Baby boomers are finding it difficult to retire, while many millennials prefer working flexible hours. As these generations compete for work, they are presented with very different opportunities.



New York is creating jobs at a faster pace than the rest of the country, but even here these job opportunities come with caveats. Research by the AARP, a non-profit lobbying for the elderly, found that “nearly 2 out of 3 workers over 45 have seen or experienced age discrimination.” Despite laws prohibiting age related discrimination many find that proving it is challenging. Tesoro recalled not being considered for a job because she is middle-aged. She did not file a formal complaint.

The opportunities that baby boomers and millennials have today is a result of the demand and supply factors, said Yaw Nyarko, professor of economics at New York University. “On the supply of jobs side, casual observation suggests that today in comparison to the past there are more gig like jobs around relative to the old-fashioned permanent or 9 to 5 jobs.”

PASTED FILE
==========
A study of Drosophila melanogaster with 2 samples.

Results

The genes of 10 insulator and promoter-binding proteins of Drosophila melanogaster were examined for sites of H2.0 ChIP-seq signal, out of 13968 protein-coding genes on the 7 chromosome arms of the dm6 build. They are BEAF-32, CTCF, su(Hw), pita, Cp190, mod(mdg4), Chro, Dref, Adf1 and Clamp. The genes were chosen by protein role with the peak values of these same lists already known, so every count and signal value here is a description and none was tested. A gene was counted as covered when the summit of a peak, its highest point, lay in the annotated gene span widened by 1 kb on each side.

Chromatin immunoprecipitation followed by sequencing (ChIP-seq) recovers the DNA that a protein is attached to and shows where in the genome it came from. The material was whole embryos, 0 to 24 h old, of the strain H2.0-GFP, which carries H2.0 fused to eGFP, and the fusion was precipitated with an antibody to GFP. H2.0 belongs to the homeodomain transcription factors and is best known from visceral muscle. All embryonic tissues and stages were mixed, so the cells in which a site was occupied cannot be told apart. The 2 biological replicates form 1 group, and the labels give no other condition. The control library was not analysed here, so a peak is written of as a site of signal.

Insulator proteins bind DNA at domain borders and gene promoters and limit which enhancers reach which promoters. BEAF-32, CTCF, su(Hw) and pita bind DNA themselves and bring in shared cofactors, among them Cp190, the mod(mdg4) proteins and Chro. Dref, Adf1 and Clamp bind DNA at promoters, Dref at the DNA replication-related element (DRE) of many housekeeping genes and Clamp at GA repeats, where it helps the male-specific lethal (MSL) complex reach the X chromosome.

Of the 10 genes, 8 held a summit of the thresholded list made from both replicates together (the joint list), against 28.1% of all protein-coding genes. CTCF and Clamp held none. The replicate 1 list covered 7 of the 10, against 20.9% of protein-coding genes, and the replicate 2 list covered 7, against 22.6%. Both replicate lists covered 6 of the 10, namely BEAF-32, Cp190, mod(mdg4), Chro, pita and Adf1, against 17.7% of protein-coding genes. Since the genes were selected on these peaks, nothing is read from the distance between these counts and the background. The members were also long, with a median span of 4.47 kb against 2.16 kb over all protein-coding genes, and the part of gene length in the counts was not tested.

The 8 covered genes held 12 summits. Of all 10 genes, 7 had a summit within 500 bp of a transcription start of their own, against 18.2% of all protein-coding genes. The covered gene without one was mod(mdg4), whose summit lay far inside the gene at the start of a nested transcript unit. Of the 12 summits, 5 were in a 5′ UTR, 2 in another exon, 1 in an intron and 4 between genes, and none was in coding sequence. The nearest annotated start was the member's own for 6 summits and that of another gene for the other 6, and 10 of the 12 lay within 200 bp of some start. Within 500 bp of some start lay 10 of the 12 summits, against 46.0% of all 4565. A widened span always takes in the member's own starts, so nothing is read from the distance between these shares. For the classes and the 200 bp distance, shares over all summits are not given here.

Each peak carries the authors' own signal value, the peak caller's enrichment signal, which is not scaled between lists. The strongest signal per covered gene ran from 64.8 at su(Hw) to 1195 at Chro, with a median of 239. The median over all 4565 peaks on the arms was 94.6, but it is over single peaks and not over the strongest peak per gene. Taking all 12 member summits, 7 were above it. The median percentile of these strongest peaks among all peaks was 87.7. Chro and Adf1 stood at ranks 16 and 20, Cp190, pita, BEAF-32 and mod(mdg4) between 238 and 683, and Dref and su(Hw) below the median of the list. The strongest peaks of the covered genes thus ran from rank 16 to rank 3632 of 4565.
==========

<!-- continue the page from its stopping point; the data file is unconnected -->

However, Nyarko pointed out that on the demand side for those jobs, millennials have a higher tolerance for or even a desire for much more flexibility in their jobs than in past years. Like Gingery, who is able to turn down gigs and lives a comfortable life in New York by working as a babysitter

Important changes concerning age discrimination law


The Age Discrimination in Employment Act (ADEA) of 1967 was passed by the U.S. Congress and prohibits employment discrimination.


The Age Discrimination Act of 1975 prohibits discrimination on the basis of age in programs and activities receiving federal financial assistance.


A clause was added to the ADEA that prevented the forced retirement of tenured employees.
The Older Workers Benefit Protection Act amended the ADEA, prohibiting employers from denying benefits to older employees.


Earlier this year, the 7th U.S. Circuit Court of Appeals in Chicago limited the scope of the The Age Discrimination Act by stating that the “key provisions (of the law) only apply to those who already have jobs and not individuals who are looking for jobs.”